Michelle Diament, Disability Scoop - February 21, 2014
If passed, the ABLE Act would allow people with disabilities to accumulate up to $100,000 for major expenses, without losing eligibility for Medicaid and other benefits that currently depend on keeping assets extremely low. Many of the most important support benefits require keeping any savings below $2,000. This not only prevents people from saving for future needs and major investments in education and adaptive equipment, it also is a major disincentive to people with disabilities attempting to work and earn their own living.
A quote from the Disability Scoop article I think hints that lawmakers who support the ABLE Act now understand something fundamental about benefits and people with disabilities. Sara Weir, of the National Down Syndrome Society says that the ABLE Act would allow people with disabilities to, "go out and get a job and pay for their own expenses and not be so dependent on the federal government for everything.” This is key. It’s not that we would no longer need government benefits for anything, it’s that we wouldn’t need them for everything. Think about what a huge difference that potentially makes.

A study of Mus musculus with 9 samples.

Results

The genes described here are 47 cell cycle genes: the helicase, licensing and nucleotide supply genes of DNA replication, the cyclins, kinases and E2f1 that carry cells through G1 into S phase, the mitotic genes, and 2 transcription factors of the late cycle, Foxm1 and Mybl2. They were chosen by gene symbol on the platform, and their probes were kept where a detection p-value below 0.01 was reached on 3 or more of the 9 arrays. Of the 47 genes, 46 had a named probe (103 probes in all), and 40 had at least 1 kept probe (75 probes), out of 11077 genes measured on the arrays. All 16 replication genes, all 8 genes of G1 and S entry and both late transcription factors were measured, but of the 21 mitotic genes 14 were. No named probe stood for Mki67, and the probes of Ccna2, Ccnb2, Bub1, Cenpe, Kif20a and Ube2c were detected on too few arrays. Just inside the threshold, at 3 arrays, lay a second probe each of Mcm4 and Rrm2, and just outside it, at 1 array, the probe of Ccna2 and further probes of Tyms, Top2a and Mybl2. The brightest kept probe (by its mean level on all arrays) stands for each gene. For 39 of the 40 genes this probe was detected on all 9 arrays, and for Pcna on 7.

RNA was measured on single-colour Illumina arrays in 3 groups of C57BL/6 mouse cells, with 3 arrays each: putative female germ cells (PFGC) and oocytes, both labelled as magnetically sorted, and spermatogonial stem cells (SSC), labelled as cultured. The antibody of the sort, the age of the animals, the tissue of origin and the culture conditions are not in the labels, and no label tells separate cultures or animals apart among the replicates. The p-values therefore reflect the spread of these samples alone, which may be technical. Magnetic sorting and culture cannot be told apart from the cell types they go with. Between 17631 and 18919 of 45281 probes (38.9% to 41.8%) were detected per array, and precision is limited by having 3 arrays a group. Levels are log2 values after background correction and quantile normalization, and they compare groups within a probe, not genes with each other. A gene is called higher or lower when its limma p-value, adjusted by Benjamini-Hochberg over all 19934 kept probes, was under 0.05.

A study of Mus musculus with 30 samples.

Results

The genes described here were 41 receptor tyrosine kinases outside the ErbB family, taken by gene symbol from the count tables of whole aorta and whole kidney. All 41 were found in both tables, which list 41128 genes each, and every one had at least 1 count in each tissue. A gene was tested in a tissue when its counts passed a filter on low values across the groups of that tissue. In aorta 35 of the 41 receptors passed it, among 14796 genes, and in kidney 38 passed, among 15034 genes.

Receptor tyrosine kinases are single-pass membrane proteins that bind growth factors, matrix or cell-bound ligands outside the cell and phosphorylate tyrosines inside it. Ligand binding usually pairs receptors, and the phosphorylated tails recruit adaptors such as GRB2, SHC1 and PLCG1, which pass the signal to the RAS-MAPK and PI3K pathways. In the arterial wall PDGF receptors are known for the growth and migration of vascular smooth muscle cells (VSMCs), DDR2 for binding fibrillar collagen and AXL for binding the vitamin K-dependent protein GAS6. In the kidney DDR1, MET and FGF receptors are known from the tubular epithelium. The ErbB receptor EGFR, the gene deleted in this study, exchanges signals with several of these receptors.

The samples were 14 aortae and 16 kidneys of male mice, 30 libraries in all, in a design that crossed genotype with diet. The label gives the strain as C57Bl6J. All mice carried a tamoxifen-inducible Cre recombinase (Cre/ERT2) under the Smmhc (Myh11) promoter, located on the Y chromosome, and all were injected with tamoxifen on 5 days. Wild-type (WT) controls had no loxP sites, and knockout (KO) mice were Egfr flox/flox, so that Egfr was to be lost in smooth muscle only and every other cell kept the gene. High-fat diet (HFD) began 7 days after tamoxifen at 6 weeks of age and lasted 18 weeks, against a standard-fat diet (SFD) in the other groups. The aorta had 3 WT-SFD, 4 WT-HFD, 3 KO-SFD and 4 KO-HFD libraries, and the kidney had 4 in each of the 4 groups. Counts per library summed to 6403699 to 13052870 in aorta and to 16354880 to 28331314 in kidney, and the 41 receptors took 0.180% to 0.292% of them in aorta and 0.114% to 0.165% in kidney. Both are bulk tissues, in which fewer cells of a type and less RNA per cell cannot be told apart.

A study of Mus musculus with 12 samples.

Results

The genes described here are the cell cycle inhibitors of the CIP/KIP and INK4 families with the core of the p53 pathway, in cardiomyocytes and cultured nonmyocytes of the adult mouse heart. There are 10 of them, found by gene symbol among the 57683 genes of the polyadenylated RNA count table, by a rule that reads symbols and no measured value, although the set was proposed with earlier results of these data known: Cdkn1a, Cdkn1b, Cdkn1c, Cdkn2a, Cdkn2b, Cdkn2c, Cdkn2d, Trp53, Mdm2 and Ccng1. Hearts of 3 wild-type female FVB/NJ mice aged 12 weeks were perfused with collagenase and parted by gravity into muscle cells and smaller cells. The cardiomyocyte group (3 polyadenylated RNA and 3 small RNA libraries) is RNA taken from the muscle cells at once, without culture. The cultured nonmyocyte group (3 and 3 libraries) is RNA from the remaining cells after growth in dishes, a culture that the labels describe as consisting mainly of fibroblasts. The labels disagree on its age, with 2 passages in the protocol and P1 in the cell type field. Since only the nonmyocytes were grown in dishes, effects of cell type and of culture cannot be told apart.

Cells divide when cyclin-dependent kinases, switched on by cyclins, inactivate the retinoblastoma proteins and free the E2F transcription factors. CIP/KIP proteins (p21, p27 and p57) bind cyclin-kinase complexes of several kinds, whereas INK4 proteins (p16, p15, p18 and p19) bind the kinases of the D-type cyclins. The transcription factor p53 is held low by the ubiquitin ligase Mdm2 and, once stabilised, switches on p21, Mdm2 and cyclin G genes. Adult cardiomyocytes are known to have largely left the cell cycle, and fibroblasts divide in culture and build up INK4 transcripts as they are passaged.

My worry is that the Congressional Budget Office report will say that this would make thousands more people eligible for benefits, and therefore cost the government a lot more money. We need to prepare to argue either that the cost isn’t that big, or that whatever the cost, it is justified and at least partially counteracted by the increased economic activity of more of us working and paying taxes.